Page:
Ghislaine Maxwell attends the ETM Children's Benefit Gala in New York on May 6, 2014. (Rob Kim/Getty Images/TNS)

Ghislaine Maxwell, the British socialite convicted of sex trafficking with former boyfriend Jeffrey Epstein, has been put on suicide watch at the jail in Brooklyn where she’s been since her July 2020 arrest, her lawyer said Saturday.

Bobbi Sternheim, a lawyer for Maxwell, said in a letter to the judge slated to sentence the socialite on June 28 that she was removed on Friday from the general population of inmates at Brooklyn’s Metropolitan Detention Center and placed in solitary confinement. Sternheim said that Maxwell isn’t allowed any pen or paper and was placed on the watch “without justification,” and warned that she may seek a postponement of her sentencing date.

“If Ms. Maxwell remains on suicide watch, is prohibited from reviewing legal materials prior to sentencing, becomes sleep deprived, and is denied sufficient time to meet with and confer with counsel, we will be formally moving on Monday for an adjournment,” Sternheim said in a letter late Saturday to U.S. Circuit Judge Alison Nathan, who’s presiding over the case.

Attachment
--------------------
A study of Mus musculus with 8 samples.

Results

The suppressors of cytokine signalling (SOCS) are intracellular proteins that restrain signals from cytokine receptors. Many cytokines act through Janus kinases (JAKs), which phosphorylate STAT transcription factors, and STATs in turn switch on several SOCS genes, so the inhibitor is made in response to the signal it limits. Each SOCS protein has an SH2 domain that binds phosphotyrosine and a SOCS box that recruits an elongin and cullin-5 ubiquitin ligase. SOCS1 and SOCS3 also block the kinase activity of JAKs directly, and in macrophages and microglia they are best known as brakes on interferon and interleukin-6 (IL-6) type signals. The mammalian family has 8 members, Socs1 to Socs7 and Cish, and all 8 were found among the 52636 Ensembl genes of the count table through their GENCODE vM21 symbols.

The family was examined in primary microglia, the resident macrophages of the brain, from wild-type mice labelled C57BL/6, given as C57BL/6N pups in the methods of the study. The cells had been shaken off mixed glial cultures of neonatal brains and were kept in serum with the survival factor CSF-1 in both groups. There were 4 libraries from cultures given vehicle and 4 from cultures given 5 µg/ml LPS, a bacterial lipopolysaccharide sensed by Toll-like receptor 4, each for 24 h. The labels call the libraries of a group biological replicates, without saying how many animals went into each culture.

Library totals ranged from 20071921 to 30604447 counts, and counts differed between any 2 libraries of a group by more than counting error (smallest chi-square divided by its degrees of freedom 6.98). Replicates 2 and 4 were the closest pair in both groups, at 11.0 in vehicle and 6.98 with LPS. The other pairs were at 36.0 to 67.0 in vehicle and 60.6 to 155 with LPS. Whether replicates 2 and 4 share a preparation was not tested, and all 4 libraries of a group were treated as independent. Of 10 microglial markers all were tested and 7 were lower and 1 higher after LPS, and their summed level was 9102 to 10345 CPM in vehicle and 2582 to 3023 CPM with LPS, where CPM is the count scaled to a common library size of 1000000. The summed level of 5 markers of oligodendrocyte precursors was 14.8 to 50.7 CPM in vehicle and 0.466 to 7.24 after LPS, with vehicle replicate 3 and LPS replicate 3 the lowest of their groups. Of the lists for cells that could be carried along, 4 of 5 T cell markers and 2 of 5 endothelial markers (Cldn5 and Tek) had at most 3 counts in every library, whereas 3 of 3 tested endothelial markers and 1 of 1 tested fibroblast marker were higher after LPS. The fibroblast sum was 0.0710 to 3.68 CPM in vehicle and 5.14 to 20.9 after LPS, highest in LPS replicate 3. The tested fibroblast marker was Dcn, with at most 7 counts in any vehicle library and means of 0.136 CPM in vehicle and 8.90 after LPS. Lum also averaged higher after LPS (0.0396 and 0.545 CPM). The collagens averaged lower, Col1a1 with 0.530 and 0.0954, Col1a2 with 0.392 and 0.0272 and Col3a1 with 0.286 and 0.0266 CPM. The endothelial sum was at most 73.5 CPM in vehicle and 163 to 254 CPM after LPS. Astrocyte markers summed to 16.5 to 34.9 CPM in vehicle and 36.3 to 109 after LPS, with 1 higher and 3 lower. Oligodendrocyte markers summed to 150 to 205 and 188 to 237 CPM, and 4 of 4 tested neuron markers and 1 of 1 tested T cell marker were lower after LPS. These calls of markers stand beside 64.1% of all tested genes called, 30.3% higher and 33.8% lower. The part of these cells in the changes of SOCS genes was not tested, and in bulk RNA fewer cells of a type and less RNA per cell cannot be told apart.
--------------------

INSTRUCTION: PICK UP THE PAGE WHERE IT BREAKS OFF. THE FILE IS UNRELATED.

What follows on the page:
While Maxwell, 60, was given a “suicide smock,” Sternheim said that a psychologist met with the socialite on Saturday and concluded that she “is not suicidal.”

Maxwell was convicted by a federal jury in Manhattan in December on five counts, including sex trafficking of a minor. It was a verdict that was hailed as long-delayed justice for victims of Epstein, who was found dead in his jail cell a month after his arrest in what authorities said was a suicide.

Prosecutors said in a letter Sunday that Maxwell was separated from other prisoners after she sent an email to the Bureau of Prisons Inspector General’s office “claiming to be in fear for her safety.” They said she was removed from the general population in order for her claim to be investigated, and that her sentencing shouldn’t be postponed because she still has access to her lawyers and legal papers and can prepare.

Ordinarily, an inmate making such claims would be put in a solitary cell within the Special Housing Unit, or SHU, but jail officials placed Maxwell on suicide watch due to concern that she was at “heightened risk of self-harm” given her upcoming sentencing and sex offender status, prosecutors wrote.

“As a result, they are not comfortable placing the defendant in the SHU, but they also need to remove the defendant from general population to investigate the threat she reported.”

Prosecutors argue Maxwell deserves a term of as many as 55 years behind bars for a sex trafficking scheme involving seven victims. She has asked for a prison sentence of less than six years, arguing she’s had to endure unduly harsh conditions in jail.

The case is US v Maxwell, 20-CR-330, US District Court for the Southern District of New York (Manhattan).